Being homeless in America is becoming more and more difficult, as new legislation in certain cities throughout the country are actually considering it a crime. Homelessness a crime? Sadly — yes.

Less Affordable Housing Means More Crime

According to a report by the National Law Center on Homelessness and Poverty (NLCHP) which surveyed 187 cities, since 2001 the US has lost nearly 13 percent of its low income housing. That means more people in need on the streets. With the decrease in low income housing, there has been a spike in laws that restrict loitering, begging, sitting and lying down in public. Along with that, 18 percent of cities ban sleeping in public, and 42 percent even ban sleeping in vehicles. NLCHP Executive Director Mary Foscarinis knows that these statistics are a problem, understanding how difficult it can be for individuals facing homelessness to get back on their feet.

Foscarinis spoke about the issue and stated, ““It’s really hard to get a job when you’re homeless anyway, or to get housing.” She continues, “You have no place to bathe, no place to dress, no money for transportation. But then if you also have an arrest record, it’s even more challenging.”

Florida Cracks Down for the “Benefit of the Community”

Florida city spokesman Matt Little says that the new Florida laws that are meant to crack down on public drunkenness, urination, and sleeping on sidewalks is all in effort to help the homeless, but also preserve the city’s quality of life. He stated that, “The city of Florida has a distinguished history of compassion toward those in need.” He goes on, “Protecting our quality of life and business environment ensures continued funding for humanitarian needs.”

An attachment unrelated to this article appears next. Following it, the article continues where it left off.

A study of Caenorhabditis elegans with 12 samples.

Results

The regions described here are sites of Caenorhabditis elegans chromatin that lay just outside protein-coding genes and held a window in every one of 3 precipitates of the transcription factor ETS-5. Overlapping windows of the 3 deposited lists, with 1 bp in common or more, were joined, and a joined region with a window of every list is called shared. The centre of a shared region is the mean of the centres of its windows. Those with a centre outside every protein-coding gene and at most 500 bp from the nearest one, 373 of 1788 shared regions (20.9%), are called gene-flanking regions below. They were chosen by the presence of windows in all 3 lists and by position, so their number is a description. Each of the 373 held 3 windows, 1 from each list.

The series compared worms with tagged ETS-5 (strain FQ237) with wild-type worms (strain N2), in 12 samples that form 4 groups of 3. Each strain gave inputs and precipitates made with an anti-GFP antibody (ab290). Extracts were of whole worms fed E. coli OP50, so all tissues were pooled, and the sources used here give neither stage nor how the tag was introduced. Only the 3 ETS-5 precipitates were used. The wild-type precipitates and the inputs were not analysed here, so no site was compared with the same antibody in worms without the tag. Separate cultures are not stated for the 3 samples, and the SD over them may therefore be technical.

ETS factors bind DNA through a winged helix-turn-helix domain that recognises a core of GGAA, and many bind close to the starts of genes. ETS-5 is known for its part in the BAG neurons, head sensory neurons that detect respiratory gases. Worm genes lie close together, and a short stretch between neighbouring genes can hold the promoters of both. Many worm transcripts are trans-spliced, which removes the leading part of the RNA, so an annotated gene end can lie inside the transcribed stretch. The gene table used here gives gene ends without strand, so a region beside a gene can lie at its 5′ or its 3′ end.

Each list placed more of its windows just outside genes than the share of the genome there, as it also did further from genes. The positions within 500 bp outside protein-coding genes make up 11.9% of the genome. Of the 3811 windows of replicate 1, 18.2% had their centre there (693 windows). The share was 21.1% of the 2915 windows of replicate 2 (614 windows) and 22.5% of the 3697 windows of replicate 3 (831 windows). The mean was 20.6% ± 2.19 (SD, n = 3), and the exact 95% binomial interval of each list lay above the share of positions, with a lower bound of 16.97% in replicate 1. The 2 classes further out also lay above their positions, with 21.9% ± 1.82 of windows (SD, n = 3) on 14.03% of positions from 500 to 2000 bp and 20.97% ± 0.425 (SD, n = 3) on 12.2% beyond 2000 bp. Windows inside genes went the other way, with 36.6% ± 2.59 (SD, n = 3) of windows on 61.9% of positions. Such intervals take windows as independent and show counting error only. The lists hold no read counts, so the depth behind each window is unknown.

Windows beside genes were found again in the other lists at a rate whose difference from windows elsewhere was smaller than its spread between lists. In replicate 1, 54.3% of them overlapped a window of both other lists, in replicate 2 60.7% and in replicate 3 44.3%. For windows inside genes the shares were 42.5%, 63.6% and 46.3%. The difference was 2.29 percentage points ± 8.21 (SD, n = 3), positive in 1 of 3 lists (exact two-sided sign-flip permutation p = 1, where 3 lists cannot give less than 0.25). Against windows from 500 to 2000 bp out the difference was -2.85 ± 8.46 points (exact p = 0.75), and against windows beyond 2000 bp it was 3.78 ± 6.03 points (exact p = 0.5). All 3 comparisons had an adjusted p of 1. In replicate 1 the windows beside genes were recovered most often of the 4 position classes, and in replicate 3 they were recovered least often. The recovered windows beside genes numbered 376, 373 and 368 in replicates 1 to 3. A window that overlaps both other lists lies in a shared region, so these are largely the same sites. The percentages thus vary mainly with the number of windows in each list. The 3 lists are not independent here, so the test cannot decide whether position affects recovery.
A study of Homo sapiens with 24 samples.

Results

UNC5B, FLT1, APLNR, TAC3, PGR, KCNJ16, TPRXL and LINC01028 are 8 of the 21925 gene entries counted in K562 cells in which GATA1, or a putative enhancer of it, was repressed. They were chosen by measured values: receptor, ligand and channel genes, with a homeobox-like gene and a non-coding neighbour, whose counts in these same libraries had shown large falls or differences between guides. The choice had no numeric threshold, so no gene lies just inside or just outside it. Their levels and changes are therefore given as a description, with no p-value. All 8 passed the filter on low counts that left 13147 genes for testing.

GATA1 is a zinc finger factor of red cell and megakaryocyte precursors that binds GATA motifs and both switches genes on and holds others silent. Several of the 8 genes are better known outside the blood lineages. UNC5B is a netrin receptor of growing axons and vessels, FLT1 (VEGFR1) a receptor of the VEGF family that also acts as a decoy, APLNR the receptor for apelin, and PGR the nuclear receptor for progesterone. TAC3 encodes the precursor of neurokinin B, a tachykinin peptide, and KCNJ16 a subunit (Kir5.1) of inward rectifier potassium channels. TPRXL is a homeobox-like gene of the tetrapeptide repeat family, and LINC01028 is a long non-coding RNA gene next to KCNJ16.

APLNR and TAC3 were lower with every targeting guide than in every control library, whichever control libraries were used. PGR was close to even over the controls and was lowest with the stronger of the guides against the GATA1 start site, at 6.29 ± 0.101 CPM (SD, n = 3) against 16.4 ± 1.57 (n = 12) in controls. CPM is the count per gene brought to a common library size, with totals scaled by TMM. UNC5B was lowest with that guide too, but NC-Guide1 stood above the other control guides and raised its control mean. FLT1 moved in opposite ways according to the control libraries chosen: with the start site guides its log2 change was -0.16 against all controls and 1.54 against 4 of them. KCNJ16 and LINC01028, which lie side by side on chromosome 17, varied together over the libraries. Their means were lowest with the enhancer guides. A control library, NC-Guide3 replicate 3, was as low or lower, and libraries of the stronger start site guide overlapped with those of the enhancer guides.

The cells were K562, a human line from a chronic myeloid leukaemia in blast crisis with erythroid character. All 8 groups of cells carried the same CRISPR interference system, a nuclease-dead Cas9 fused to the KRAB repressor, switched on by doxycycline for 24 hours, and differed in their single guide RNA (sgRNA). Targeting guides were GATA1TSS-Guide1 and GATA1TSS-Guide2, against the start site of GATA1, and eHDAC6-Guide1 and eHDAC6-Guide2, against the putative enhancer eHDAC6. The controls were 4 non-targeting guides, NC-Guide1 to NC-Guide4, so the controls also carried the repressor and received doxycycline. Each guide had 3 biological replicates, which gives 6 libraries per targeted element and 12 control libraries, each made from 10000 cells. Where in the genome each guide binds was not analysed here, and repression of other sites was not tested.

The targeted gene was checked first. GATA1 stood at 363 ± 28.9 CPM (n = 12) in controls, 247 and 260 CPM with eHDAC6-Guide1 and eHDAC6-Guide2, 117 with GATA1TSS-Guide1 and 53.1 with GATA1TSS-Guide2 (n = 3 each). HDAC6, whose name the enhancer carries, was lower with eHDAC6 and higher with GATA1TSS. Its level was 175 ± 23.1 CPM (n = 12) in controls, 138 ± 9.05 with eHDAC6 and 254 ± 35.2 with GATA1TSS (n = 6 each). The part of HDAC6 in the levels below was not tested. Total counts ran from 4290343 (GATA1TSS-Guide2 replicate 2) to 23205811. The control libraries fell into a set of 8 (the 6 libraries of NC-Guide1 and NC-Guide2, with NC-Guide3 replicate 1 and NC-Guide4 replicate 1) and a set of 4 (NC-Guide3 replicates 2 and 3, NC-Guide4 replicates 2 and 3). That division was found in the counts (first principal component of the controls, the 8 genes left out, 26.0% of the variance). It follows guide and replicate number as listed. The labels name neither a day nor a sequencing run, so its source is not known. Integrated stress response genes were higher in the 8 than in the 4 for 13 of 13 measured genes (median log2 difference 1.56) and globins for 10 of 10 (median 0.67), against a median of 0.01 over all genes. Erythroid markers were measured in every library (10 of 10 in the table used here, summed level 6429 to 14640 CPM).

Alternatives to Criminalizing Homelessness

While Little believes that criminalizing these acts may help those in need, and possibly give the homeless a push in the right direction, it can be argued that these arrests will actually (as Foscarinis stated) make it more difficult for the homeless to gain employment and housing. Other cities are taking a different approach on the matter.

Instead of criminalizing the homeless, some cities are focusing efforts and resources into providing housing and other services. Miami-Dade County raises money for the needy through its Homeless and Domestic Violence Tax, and the NLCHP has pressured the federal govenment to provide the National Housing Trust Fund with 3.5 billion dollars each year to prevent people from living on the streets, and to increase affordable housing.

The NLCHP report stated, “The federal government should play a leadership role in combating the criminalization of homelessness by local governments and promote constructive alternatives.” It is clear that something needs to break the cycle.